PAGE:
India's industrial production growth has declined more than expected in April as manufacturing, mining and power sectors disappointed, according to official data.
The Ministry of Statistics and Programme Implementation said that Indian industrial output expanded 2.0% on year in April, compared to a revised 3.4% growth in the preceding month. Analysts had expected an output growth of 2.4% last month.
Mining sector has contracted by 3.0% in April, compared to a 2.8% production decline in the same month last year. Production growth in manufacturing and electricity sectors has declined to 2.8% from 1.8% and to 0.7% from 4.6%, respectively.
Manufacturing constitutes more than 75% of India's industrial production. Overall, 13 out of the 22 industry groups in manufacturing sector have recorded positive growth during the month.
As per use-based classification, production was up 1.3% in basic goods, 1% in capital goods and 2.4% in intermediate goods. Consumer goods production rose by 2.8% in April.
The industrial growth in fiscal year 2012-13 has been revised up to 1.1% from provisional estimates of 1% released earlier.
The slowdown in industrial production comes as economists are raising concerns about the strength of the economy. The development is expected to prompt the government to take further steps to boost growth.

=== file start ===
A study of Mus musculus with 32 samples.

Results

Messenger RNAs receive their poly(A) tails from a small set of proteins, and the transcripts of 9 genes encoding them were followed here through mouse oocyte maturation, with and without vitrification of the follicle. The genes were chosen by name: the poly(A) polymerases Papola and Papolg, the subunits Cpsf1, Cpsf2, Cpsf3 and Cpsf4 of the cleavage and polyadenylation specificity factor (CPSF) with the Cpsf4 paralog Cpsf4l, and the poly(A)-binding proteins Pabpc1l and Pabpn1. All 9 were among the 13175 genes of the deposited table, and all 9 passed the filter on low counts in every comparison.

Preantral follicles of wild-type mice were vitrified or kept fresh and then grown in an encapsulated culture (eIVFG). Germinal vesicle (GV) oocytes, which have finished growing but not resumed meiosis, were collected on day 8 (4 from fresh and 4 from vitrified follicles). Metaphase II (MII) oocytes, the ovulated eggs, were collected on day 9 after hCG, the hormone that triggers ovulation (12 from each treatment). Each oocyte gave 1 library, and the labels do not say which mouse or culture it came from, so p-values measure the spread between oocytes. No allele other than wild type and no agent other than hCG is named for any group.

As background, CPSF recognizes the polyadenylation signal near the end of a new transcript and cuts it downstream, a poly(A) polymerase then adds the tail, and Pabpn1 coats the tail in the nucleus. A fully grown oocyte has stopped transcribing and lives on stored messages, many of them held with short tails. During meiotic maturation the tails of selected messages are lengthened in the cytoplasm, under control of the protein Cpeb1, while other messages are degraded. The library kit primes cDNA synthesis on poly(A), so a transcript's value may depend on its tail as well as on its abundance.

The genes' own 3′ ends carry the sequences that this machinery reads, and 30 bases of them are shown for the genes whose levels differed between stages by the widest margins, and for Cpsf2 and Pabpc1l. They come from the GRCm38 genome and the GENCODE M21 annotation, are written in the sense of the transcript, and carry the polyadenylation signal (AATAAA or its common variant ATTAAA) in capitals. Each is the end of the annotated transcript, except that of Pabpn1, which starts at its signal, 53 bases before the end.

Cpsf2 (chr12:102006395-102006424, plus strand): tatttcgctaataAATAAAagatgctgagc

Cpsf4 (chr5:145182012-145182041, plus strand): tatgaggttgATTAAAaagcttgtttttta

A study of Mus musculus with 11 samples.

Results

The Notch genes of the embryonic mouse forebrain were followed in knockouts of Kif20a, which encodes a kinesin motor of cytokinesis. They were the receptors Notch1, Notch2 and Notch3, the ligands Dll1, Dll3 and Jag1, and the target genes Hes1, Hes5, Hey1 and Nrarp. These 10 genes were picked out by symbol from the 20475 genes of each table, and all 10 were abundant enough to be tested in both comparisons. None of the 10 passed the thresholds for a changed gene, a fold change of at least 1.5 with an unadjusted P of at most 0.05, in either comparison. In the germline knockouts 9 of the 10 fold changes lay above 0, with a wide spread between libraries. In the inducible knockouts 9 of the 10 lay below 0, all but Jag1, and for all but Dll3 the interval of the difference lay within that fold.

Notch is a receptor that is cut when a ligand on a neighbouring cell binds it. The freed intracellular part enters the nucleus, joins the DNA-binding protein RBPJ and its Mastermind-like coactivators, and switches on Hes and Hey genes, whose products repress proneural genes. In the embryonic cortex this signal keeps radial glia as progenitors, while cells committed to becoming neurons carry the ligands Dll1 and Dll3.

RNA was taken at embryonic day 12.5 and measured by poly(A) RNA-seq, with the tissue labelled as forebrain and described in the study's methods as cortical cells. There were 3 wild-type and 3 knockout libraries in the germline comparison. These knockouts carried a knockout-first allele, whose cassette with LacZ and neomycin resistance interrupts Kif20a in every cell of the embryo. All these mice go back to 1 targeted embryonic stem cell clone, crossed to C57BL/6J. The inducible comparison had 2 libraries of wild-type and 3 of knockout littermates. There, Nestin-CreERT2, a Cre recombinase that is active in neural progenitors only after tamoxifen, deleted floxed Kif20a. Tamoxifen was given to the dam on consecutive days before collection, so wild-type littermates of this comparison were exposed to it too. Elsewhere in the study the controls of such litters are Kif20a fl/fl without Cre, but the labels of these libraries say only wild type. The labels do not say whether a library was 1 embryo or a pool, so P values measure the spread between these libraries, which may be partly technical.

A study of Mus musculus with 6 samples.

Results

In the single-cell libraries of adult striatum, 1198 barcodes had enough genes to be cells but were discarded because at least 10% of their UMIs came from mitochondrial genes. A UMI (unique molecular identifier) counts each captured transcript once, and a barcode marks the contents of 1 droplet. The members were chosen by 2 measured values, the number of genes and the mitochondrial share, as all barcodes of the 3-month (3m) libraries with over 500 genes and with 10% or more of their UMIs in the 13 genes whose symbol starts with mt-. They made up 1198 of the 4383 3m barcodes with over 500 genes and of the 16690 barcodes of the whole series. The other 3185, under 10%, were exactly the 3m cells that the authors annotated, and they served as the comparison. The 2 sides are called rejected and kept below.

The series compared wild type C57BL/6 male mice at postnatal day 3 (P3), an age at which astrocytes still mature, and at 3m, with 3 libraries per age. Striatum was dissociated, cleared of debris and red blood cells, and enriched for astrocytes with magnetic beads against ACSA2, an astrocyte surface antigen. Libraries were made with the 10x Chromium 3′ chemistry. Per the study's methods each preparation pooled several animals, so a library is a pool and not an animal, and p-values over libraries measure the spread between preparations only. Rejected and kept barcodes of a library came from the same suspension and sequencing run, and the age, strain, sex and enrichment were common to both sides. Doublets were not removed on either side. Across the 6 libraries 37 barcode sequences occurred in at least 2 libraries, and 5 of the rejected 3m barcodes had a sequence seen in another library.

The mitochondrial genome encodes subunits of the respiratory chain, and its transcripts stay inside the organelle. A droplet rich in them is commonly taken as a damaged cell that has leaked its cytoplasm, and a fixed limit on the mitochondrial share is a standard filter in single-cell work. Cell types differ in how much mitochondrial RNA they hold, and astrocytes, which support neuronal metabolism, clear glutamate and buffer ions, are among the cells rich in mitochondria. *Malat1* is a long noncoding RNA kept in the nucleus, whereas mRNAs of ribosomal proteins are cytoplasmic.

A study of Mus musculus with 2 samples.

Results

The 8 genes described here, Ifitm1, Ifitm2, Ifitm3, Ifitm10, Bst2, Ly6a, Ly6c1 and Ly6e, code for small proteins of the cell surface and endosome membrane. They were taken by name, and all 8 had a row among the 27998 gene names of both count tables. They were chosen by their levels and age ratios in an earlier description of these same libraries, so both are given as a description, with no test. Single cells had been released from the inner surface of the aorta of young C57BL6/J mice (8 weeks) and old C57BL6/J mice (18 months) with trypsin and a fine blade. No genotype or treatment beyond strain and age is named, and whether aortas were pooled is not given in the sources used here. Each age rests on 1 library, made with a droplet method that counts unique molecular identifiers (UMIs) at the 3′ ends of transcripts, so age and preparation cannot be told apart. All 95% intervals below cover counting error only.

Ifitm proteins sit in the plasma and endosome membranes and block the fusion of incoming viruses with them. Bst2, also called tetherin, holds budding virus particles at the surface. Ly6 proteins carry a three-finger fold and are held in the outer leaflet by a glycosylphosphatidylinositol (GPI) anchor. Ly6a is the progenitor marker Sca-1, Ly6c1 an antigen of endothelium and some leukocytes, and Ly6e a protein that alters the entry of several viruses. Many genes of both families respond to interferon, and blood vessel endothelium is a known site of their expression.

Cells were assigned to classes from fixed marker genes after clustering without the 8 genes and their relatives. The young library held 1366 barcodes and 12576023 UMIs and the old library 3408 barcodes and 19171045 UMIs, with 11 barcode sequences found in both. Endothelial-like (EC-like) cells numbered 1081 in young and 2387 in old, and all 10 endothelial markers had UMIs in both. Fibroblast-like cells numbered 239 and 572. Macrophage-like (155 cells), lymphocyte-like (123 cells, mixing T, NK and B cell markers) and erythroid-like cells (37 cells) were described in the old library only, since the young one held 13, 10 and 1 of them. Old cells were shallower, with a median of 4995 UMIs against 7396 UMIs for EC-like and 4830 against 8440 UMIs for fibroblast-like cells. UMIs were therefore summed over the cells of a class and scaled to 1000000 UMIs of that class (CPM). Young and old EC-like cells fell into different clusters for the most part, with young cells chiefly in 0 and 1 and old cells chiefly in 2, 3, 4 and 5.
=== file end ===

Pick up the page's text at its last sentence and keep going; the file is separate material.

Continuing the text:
The country's industrial production has slowed down recently due to high interest rates, the slow pace of economic reforms and delays in project approvals. Business investments have declined significantly in the country, negatively impacting economic growth.
Industrial output growth was just 1.1% in the last fiscal year ended in March, the slowest pace in several years. The economy expanded 5% in the last fiscal year, the lowest growth rate in a decade.
Separately, the ministry said the country's consumer price inflation increased 9.31% year on year in May, easing from 9.39% in April.
While stable inflation is likely to prompt the Reserve Bank of India (RBI) to go for a rate cut, the recent deprecation of Indian rupee against the US dollar have already eased monetary conditions in the country.
"Fuel import and foreign debt servicing costs have increased in INR terms, intensifying current account deficit concerns that the RBI doesn't wish to aggravate by easing further right now. A rate cut may also intensify INR depreciation pressure," said Roland Randall, Asia Pacific economist at ANZ Research.